Abortion rights supporters and opponents protest outside the Supreme Court last year. The issue of abortion will spark millions of dollars in spending on advocacy for and against President Trump's Supreme Court nominee.
Zach Gibson
AFP/Getty Images
Abortion rights supporters and opponents protest outside the Supreme Court last year. The issue of abortion will spark millions of dollars in spending on advocacy for and against President Trump's Supreme Court nominee.

President Trump hasn't yet nominated a replacement for Supreme Court Justice Anthony Kennedy, but the fight over confirming that nominee began the day Kennedy gave notice.

The Judicial Crisis Network, a conservative nonprofit, posted an online ad slamming the "extremists" who will "lie and attack the nominee." It warned, "But don't be fooled. President Trump's list [of potential nominees] includes the best of the best."

To wage this high-decibel debate, each side is expected to spend tens of millions of dollars. That kind of money can win you a Senate seat. But a Senate term only goes for six years; the Supreme Court bench is good for a lifetime.

The ads, of course, will get more specific once Trump names a nominee on July 9 — and Democrats have begun their attacks.

"We've seen that this has become part of their playbook, to do character assassination and distortions of people's records," said Carrie Severino, chief counsel and policy director of the Judicial Crisis Network. "We want to make sure there's someone there to defend the nominee, who is not really in a position to defend him or herself."

So the Judicial Crisis Network, which pledged $10 million to win confirmation for Justice Neil Gorsuch last year, is gearing up again. Plenty of other groups are mobilizing too: the Koch brothers' Americans for Prosperity, which said it's "prepared to commit seven figures," the anti-abortion Susan B. Anthony Fund, Heritage Action and others.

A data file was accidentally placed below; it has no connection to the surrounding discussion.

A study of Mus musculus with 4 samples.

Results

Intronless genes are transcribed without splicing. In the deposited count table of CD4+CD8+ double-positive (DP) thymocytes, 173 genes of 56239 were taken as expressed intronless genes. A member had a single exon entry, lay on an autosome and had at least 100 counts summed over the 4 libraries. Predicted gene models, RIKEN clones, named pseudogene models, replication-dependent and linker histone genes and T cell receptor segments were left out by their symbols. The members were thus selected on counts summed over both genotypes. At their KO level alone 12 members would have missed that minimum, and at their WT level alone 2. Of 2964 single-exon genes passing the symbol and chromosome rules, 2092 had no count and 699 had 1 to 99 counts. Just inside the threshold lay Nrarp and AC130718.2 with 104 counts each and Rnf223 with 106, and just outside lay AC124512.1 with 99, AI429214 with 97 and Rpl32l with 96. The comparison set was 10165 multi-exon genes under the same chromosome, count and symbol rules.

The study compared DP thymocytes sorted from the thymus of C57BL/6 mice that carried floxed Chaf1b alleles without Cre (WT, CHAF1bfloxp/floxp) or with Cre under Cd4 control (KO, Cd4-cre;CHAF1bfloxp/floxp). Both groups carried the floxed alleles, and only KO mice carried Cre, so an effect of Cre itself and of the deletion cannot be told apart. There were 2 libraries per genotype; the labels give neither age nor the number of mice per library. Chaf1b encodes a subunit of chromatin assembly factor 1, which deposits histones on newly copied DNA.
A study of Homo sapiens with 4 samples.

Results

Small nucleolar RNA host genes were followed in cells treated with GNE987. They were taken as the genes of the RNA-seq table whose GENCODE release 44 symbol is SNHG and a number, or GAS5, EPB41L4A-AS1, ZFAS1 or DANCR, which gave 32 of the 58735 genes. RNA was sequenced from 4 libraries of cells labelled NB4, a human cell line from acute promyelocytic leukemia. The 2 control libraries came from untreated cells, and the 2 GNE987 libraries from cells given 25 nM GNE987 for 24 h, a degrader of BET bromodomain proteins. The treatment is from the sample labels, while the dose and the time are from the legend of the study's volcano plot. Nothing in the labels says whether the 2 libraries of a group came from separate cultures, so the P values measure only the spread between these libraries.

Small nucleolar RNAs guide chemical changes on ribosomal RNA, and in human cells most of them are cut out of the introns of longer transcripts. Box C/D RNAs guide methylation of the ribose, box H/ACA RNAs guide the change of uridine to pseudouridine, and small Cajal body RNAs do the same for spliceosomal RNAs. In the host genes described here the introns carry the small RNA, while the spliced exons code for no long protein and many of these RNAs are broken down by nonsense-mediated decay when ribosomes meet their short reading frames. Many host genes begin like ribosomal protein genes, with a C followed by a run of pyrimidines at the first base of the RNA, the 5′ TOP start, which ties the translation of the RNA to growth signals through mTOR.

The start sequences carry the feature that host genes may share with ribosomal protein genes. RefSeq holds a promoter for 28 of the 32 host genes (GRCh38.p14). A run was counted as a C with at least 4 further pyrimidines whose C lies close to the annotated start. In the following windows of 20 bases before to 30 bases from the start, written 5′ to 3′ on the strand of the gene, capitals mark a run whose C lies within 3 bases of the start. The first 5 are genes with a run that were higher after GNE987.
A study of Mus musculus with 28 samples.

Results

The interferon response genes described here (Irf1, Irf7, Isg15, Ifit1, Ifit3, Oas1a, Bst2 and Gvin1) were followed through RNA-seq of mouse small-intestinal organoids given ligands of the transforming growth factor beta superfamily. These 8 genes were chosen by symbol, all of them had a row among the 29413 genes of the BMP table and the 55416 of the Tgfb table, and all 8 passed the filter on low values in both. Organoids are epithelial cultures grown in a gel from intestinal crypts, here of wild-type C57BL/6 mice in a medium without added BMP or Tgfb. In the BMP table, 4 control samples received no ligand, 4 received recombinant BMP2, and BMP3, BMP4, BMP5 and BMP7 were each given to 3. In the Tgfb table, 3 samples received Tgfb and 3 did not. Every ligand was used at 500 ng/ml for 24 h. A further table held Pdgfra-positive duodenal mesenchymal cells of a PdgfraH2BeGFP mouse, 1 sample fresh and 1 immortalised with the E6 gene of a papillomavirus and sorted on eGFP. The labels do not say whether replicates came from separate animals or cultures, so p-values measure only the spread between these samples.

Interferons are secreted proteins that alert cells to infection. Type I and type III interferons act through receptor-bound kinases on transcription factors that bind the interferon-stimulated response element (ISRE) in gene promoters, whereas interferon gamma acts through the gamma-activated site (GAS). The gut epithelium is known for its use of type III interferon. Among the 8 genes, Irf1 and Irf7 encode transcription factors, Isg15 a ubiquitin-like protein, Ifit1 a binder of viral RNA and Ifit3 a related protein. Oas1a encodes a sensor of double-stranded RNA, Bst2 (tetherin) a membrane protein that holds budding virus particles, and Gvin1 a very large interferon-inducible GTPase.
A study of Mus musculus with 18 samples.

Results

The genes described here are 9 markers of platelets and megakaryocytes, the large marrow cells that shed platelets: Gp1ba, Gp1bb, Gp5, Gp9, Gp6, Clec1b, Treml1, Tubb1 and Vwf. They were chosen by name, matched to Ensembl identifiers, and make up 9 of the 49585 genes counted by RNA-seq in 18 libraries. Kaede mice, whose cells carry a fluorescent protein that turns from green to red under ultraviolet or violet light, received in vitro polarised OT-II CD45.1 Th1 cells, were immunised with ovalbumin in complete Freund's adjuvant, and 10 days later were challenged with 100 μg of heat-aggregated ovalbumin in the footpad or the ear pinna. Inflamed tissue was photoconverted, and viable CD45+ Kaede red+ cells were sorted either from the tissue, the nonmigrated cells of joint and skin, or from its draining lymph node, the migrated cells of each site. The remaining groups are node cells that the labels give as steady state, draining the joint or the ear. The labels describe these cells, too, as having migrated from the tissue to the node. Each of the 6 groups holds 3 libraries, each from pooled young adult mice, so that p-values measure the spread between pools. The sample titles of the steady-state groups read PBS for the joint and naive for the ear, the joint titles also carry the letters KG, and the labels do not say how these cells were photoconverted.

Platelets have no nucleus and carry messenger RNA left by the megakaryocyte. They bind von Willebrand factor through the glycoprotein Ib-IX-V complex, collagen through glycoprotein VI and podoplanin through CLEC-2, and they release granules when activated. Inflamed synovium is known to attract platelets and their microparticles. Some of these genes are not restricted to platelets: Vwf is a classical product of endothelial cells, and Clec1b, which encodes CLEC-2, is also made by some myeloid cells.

Severino said, "There are well over 100 different organizations — grassroots groups — on the center-right-libertarian, who are very excited about this nomination."

The obvious flashpoint on the nomination is the 1973 ruling Roe v. Wade, which legalized abortion nationwide. Kennedy has upheld abortion rights, while Trump promised justices who will overturn Roe.

Adrienne Kimmell, vice president of NARAL Pro-Choice America, said the organization's 1.5 million members will be contacting senators. "Any nominee that they vote on of Trump's is a vote to overturn Roe," Kimmell said. "That is our focus, to ensure that that message is communicated."

The group published a web video after Kennedy's announcement to press the point.

Supreme Court nominees are almost always confirmed. Senate Republicans are looking to waste no time and put a new justice in place by the time the new court term begins in early October.

But some liberal groups say this won't be like other confirmation fights, and they hope to put the future of the Affordable Care Act, or Obamacare, at the center.

At the Leadership Conference, an umbrella group of more than 200 organizations supporting civil and human rights, executive vice president for policy Kristine Lucius said, "This president, different than others, has clear litmus tests, and has a short list of 25 nominees who have all passed those litmus tests. And two of those litmus tests go directly to access to health care" — that is, abortion rights and the Affordable Care Act.

The Leadership Conference points to an interview Trump gave to Boston public radio station WGBH early in 2016. He discussed litmus tests for new Supreme Court justices.

"We're going to have a very strong test, but we want good, strong conservative people that are extremely smart," Trump said. Referring to Chief Justice John Roberts, a Republican appointee, he said, "I'm disappointed in Roberts 'cause he gave us Obamacare. You know he had two chances to end Obamacare. He should have ended it by every single measure and he didn't do it. So that was a very disappointing one."

If health care is in the debate, Lucius said the battle will look less like other confirmations, and more like Trump's attempts to repeal Obamacare, which the Senate rejected last year.

She said opposition to the nominee would become bipartisan. "I think you're going to see more passion, more people demanding the Senate say, 'No.'"

Copyright 2021 NPR. To see more, visit https://www.npr.org.

Peter Overby has covered Washington power, money, and influence since a foresighted NPR editor created the beat in 1994.